Yeah, he just kinda flew outta nowhere there didn’t he? Tom O’Gorman was a researcher for the Iona Institute who earlier this month was murdered and partially eaten in his home by his Italian chess partner. Seriously. I’m not making a joke, that actually happened. This of course was a horrific and tragic crime which would certainly be grounds for editing O’Neill’s interview if he had mentioned Tom O’Gorman in any way.
Okay…so, that’s weird.
It gets weirder. Well…no, it doesn’t really get weirder than cannibalistic Italian chess players but it continues to be weird in different, less horrifying ways. As it turns out, this was an attempt by RTÉ to use a horrific crime to give themselves cover for censoring the interview. The reason they did this pretty soon became apparent. John Waters and the Iona Institute had lawyered up. And they did not take kindly to being called homophobes. On a later episode of The Saturday Night Brendan O’Connor addressed the audience. Now, let me be clear, if O’Connor had just come out and said “RTE wishes to clarify that the views expressed on this show do not necessarily reflect the views of RTE blah blah boilerplate” that’s fine. Regardless of my personal stance on the issue, the national broadcaster must be seen to be impartial . That’s fine. That’s not what this was.
“Now, on the Saturday night show two weeks ago comments were made by a guest suggesting the journalist and broadcaster John Waters, Breda O’Brien and some members of the Iona institute are homophobic. These are not the views of RTÉ and we would like to apologise for any upset or distress caused to the individuals named or identified. It is an important part of democratic debate that people must be able to hold dissenting views on controversial issues.”
So…what you have here is the national broadcaster censoring itself and then apologising profusely under legal threat because a private citizen expressed a personal opinion that individuals who have devoted a considerable portion of their adult lives to ensuring that gay people do not achieve equal marriage rights could be considered homophobic…and then lecturing us on the importance of freedom of expression in a healthy democracy.
However, it was the news that RTÉ is actually paying a cash settlement to the Iona Institute (which, since RTÉ is state funded essentially amounts to a gift from the Irish taxpayer) that people have loudly declaring that Up With This We Will Not Put. Ironically, John Waters was until recently a member of the Broadcasting Authority of Ireland, whose purpose is to actually protect liberty of expression in Irish broadcasting. To his credit, I suppose he’s not a hypocrite. It’s just a little disheartening that when faced with choosing between freedom of speech and media suppression he looked at the latter and said “Ooh that one!”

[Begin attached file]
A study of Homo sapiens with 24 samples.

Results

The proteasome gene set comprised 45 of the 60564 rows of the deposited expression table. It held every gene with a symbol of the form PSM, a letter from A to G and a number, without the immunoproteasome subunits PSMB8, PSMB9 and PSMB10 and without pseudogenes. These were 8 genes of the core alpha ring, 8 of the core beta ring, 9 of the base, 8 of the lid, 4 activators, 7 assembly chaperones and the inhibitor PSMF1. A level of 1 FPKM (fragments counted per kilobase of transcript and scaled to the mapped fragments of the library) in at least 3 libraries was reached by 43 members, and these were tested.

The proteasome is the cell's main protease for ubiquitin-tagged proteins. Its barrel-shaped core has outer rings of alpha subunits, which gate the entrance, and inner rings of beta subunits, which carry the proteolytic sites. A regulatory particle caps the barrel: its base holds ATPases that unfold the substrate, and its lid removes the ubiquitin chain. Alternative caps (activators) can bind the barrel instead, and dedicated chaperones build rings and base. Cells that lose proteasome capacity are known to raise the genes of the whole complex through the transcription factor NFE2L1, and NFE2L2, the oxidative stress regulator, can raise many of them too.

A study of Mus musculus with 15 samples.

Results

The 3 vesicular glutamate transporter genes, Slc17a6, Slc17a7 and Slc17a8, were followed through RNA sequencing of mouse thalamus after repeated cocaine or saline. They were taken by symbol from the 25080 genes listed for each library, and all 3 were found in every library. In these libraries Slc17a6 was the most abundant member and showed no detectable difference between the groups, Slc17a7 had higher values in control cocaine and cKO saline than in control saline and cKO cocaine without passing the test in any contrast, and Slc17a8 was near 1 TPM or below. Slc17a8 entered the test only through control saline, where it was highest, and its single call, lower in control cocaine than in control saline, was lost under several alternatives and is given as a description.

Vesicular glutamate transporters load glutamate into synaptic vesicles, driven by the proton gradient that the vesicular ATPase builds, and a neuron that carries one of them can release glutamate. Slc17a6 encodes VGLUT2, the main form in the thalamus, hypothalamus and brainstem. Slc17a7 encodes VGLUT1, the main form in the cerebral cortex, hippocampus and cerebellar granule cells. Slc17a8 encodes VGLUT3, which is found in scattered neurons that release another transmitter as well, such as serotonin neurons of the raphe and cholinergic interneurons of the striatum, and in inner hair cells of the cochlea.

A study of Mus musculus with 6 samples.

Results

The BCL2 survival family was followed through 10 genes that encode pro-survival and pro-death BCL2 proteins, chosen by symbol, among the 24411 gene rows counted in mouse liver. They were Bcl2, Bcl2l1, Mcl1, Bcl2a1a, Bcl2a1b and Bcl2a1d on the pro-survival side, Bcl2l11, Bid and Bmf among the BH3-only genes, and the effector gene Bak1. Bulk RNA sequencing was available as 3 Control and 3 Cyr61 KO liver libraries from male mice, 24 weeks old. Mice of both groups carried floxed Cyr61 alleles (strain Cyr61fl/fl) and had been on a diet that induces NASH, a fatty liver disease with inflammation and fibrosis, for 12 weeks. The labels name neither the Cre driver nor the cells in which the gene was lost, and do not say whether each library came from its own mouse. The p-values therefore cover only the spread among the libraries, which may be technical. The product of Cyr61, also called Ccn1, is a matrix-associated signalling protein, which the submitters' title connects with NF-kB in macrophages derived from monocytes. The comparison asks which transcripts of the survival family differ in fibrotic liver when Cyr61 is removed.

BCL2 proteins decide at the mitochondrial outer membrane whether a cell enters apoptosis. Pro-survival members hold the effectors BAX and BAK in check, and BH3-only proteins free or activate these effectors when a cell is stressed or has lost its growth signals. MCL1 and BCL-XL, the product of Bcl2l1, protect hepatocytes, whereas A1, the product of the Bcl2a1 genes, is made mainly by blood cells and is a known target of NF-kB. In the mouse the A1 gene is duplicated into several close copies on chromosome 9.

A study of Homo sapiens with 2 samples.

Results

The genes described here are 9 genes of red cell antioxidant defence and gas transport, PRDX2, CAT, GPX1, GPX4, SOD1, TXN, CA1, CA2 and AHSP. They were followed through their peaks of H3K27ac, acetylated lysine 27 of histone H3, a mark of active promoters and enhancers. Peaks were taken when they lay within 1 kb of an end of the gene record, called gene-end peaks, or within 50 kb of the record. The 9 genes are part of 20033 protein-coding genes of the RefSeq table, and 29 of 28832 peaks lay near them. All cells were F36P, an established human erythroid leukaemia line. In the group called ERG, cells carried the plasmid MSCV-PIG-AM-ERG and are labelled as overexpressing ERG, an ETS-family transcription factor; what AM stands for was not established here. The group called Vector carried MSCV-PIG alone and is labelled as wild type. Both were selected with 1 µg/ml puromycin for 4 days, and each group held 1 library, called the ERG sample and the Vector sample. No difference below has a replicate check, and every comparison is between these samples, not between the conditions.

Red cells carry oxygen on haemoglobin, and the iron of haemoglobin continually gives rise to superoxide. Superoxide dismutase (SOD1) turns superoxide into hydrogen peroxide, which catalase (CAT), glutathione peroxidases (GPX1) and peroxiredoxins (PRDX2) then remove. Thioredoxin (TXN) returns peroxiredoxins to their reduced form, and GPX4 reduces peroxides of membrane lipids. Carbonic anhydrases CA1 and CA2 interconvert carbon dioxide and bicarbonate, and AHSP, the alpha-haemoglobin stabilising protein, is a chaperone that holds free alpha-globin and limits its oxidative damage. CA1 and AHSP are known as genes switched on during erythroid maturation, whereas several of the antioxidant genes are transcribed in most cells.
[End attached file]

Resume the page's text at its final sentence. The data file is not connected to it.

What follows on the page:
RTÉ’s behaviour in all this baffles me. See, I’ve spent time in RTÉ. I worked their briefly as an intern and I was interviewed once for an afternoon programme and let me tell you, the place is not exactly what you’d call gay unfriendly.
The obvious reason of course is cowardice. As in, RTÉ are cowards. Big wusses. Total pussbags. And if this was a simple case of a craven obeisance to power that would be something. That at least can indicate a rat-like survival instinct which is kind of admirable in a way. But, and I cannot emphasise this enough, NOBODY GIVES A FLYING FIDDLER’S FUCK ABOUT THE IONA INSTITUTE. Seriously, they’re a joke. Ireland’s gay marriage referendum is scheduled for 2015 and there’s every indication that it’s going to be a walk for the YES side. I’ve seen polls putting support at upwards of seventy percent, the highest level of support for anything in Ireland since pollsters stopped asking “Beer good?” Given Iona’s complete lack of clout the only reason for RTE’s craven grovelling is that they think Iona and John Waters actually have a case.
So that’s the real question. Was O’Neill’s remark an objective fact or an unproven slander? Does opposing gay marriage in and of itself make you a homophobe? Now I know that thousands…hundreds? Okay, several readers are now screaming at the screen “Yes. Mouse. Yes.” But honestly, I think that kind of absolutist “with us or agin’ us” mentality is very harmful for the gay rights movement. Take somebody who supports civil unions for gay couples and abhors discrimination and anti-gay prejudice but draws the line at full marriage equality. He may be wrong, but he’s not Fred Phelps, and treating him like he is Fred Phelps is not going to win him over. In every great social struggle like this the side that is the more flexible, pragmatic, patient and willing to make messy compromises in the present for greater gains in the future always wins.
So if you were to tell me that you honestly and sincerely bear no ill will or prejudice towards gays but just believe that marriage should be between a man or a woman, I can’t read your soul. I can’t know if that’s true or not so I’m just going to have to take you at your word until I get my hands on a Klingon mind sifter.
Also, because I am an incurable optimist, I can’t help but see the bright side in this. If being labeled a homophobe is now so toxic in Irish society that even the friggin’ Iona institute feels the need to yank out the heavy legal artillery at the mere suggestion that they might be such, then the war is very nearly over and we are in the advanced stages of endgame.
However, I would like to close with a little bit of unsolicited career advice for the Iona Institute and Mr John Waters. If the idea of being labelled a homophobe is so abhorrent to you? If the mere notion that anyone could possibly consider you to be a homophobe is so awful that you would sue the national broadcaster and throw the very notion that we live in a country where freedom of expression is permitted into serious doubt?
If it is really as bad as all that?
Maybe you’re in the wrong line of work.